Introducing Denver’s Circle Drives
Denver’s mountain parks came into being in 1912, grew up with the new fad of the automobile, and have become familiar to all. Many visitors don’t know that, in creating the mountain park system, Denver first had to build roads for citizens to get to their new parks. Between 1914 and 1920, the City began to promote a series of “scenic circle trips” to help Denverites explore the mountains.
The Scenic Circles
- Circle C. A clockwise circle from Denver to Rock Rest, south along hogback to Morrison, Bear Creek Canyon to Evergreen, north over Lookout Mountain, return to Rock Rest and Denver via Golden.
Map of Circle C, 68.2 miles.
- Circle E. A clockwise circle from Denver out Platte Canyon Road to Deer Creek Canyon, north along South Fork of Turkey Creek, with a side trip west to Conifer and back, then northwest to Evergreen, north to Lookout Mountain, Golden, and return to Denver via Rock Rest.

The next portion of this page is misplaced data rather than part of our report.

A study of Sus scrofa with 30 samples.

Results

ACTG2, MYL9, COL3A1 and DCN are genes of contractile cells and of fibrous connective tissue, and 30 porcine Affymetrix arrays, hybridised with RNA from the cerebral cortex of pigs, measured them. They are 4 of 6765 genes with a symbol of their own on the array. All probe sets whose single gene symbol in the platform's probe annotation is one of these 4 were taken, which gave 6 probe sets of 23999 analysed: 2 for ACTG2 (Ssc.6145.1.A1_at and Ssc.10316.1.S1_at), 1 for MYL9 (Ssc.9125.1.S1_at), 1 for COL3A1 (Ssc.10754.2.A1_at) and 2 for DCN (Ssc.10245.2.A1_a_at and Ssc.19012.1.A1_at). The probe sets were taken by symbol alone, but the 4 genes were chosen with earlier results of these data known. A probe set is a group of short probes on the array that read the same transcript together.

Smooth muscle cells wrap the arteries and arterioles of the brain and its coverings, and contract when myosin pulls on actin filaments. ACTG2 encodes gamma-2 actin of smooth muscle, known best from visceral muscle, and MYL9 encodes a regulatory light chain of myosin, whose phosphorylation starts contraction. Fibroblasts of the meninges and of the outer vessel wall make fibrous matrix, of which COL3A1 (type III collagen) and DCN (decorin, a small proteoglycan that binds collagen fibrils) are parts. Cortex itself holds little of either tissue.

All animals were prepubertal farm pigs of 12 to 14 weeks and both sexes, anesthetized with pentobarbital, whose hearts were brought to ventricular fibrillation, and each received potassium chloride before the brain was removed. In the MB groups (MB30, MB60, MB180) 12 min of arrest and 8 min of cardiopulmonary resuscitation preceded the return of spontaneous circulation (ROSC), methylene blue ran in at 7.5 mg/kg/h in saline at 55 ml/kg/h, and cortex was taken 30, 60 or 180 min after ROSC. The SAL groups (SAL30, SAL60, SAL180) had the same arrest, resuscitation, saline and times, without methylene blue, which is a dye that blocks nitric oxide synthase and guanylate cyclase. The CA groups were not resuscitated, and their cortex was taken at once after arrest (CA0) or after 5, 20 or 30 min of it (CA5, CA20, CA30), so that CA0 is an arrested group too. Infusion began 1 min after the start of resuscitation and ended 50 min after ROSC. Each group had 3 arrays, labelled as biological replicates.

Map of Circle E, 92.6 miles.
- Circle G. A clockwise double loop from Denver to Rock Rest, south along hogback to Morrison, Bear Creek Canyon to Evergreen, second loop west to Echo Lake and Mt. Evans, return via Idaho Springs, Bergen, Lookout Mountain, Golden and return to Denver via Rock Rest.
Map of Circle G, 143.3 miles.
Notes of the Day
"Although Denver’s Mountain Parks have been accessible to the traveling public for five years, thousands of persons, home folks as well as visitors, believe that the circle trip merely is a pleasant day’s excursion. This impression is due to the fact that by industrious motoring, it is possible to encircle the system in three or four hours. But he who makes the trip in this time, imagining that he has seen the mountain parks, actually has secured but a futuristic picture of a sublime subject. What he retains upon his mental canvas is no more than a riot of color, a jumble of cliffs, a purposeless labyrinth of twisting roads, without detail, and without the intimate and enrapturing charm of the wild."
—from Municipal Facts, Vol. 1 No. 1, March 1918
While the trips could, indeed, be done in a few hours, stories in Municipal Facts encouraged travellers to wander and enjoy the “wilderness charm” of the foothills, as well as the scenic views, wildlife, and spiritual refreshment of a trip away from the city.